In 1992, Jevrem lived through the siege of Sarajevo and Katja Rudolph’s novel considers the impact of such trauma, which extends far beyond national borders. He develops fervent opinions and beliefs based on his early experiences and the events witnessed in his family, ensuing losses and severences.
“What was wrong with all the fucking stupid, sobbing, bullshitting adults? Making wars, then wailing about the dead children. They were ridiculous, absurd. They made me sick.”
Jevrem is at the heart of this debut novel, but the character who truly leaps off the page is his grandmother. Perhaps that is partly because readers view her through Jevrem’s perspective: a heroine across the ages, wholly admired although her history seems to taunt Jevrem in his teen years, when the lines between resistance and revolution, genocide and war become blurred.
“You see, if you were a partisan in World War Two, lived in the forest for years, kicked the shit out of the Nazi and Italian invaders, you’d be the definition of good too, it doesn’t matter what you did with the rest of your life. How can anyone compete with that shit? Our war was just a bunch of maniacs killing each other, and people in faraway places watching and making the decisions.”
What does it mean when a child “has” a war to call his own? What develops alongside the realization that one has no control over such dramatic events? When one realizes that families have not only experienced great losses but have perpetrated actions against other family members on opposing sides of a conflict? What becomes of those “sides” when the residents inhabit other territories? Do divisions cross into other borders, or do new conflicts emerge which require that battlelines be redrawn?
In 1997, the action shifts to Toronto, where Jevrem struggles with questions of identity like any other teenager, but without a convenient national affiliation. He draws his own borders.
“We call ourselves The Bastards of Yugoslavia, as a joke. We like the word bastard. It’s got a ring to it, and has a lot of different meanings. It’s what the nationalists who took over our country called us, the offspring of women in mixed marriages. They meant it as an insult, but we feel proud. It’s why we’re here, together, in this flat, endless city next to an abnormally large lake. They didn’t want us back home, not really, in all their new separate little cleaned-up countries, Slovenia, Croatia, Serbia and Montenegro, Macedonia. And Bosnia, split completely in half, Croats and Muslims on one side, Serbs on the other. Where were we beautiful mongrels meant to fit?”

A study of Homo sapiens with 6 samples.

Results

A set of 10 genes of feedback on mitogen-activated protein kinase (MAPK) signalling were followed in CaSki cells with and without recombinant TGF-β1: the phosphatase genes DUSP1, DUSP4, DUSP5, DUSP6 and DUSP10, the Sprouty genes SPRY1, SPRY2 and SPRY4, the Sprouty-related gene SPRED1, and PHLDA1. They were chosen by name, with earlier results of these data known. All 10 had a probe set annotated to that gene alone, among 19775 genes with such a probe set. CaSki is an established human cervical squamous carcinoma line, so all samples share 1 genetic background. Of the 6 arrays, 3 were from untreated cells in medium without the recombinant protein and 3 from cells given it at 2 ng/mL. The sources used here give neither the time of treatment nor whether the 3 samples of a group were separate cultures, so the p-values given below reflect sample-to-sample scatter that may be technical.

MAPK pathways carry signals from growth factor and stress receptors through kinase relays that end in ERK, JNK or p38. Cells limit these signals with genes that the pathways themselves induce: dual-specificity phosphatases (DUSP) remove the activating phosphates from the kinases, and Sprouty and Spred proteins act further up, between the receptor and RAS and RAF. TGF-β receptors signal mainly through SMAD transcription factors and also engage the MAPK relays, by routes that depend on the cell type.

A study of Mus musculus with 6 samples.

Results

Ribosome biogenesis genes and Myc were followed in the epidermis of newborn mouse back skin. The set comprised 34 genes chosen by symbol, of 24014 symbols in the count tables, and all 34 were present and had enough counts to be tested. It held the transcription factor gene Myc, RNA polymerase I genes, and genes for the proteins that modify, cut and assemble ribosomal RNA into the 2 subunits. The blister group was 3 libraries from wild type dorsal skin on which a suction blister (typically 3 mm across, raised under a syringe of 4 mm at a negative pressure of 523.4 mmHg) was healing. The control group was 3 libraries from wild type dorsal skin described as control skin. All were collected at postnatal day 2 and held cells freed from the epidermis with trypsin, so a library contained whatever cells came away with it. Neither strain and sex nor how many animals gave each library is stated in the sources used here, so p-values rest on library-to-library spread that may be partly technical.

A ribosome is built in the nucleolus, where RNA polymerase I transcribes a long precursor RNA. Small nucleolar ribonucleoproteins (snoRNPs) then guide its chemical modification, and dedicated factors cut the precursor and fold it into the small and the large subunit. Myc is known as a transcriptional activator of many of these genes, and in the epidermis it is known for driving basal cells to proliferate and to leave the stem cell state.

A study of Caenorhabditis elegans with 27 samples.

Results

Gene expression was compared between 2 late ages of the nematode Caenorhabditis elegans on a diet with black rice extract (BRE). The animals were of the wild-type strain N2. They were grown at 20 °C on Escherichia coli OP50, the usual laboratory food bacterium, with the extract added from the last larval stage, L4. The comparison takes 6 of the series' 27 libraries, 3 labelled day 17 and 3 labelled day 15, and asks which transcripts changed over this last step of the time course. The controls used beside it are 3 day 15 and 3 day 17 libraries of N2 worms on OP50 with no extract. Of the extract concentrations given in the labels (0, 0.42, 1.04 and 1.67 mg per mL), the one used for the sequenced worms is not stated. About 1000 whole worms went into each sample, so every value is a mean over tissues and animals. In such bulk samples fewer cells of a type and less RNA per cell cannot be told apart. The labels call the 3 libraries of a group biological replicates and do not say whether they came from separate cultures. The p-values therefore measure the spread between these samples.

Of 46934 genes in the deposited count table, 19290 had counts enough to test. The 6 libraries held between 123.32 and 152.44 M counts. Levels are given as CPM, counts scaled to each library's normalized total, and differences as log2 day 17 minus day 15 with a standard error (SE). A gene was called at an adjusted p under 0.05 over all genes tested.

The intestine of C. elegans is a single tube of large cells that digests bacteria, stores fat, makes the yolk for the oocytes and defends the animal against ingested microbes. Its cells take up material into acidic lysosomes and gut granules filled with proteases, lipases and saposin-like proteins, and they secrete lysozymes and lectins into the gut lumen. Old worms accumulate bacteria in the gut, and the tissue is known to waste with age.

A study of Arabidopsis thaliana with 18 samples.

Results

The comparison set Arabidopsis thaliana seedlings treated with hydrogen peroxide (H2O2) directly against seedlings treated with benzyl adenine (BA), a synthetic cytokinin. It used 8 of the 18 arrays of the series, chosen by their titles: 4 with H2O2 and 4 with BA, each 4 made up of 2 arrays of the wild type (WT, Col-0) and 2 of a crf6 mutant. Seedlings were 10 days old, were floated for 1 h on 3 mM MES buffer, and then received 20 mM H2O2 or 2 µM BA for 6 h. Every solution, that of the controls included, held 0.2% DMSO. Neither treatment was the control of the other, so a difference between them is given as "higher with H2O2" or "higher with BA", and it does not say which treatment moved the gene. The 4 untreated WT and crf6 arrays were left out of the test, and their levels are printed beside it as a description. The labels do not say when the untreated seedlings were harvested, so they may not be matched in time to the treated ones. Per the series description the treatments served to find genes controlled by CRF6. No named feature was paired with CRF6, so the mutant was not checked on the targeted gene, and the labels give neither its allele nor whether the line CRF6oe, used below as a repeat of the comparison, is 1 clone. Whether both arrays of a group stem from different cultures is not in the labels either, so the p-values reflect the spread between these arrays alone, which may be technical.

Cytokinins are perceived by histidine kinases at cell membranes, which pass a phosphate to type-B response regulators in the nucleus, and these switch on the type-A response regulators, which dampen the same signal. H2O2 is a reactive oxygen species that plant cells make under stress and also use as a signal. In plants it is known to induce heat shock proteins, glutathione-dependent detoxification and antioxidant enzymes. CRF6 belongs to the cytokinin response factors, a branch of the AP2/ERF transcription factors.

One striking element of Little Bastards in Springtime is the use of parallel settings, the detailed descriptions of Toronto (with specific roadways and corners named, so that one can imagine riding in the car and walking the streets with Jevrem) and Sarajevo.
“At night, a wash of lights like jewels filled the valley, and the river reflected moonlight when it was in the mood. Even the crappy parts were beautiful, because of the grandeur of our geography, Papa said, with hills and mountains on three sides, always visible no matter where you look, the frame to the picture. When I was little, delicious smells pulled you into bakeries and fishmongers and restaurants and the kitchens of friends’ mothers. Hookah, ćevapćići, pizza, burek. The bazaars, markets, souks had everything in them from all the countries of the world.”
What sets Katja Rudolph’s debut novel apart, however, is the commitment to complexity. Jevrem’s rage flourishes on the page, unchecked, and because the novel is rooted in his perspective, the only glimpse readers have of another perspective is via his interactions with secondary characters, often those who inhabit positions of judgement.
“‘Rebels and delinquents and even nihilists,’ she continues, ‘are fierce moralists, contrary to popular understanding. They see what’s wrong with the world and react with their own forms of outrage.’”
Readers understand through Jevrem’s eyes that Little Bastards in Springtime is an expression of outrage.
And, as Molly Ivins says, “What you need is sustained outrage…there’s far too much unthinking respect given to authority.”
Books like Katja Rudolph’s Little Bastards in Springtime challenge unthinking.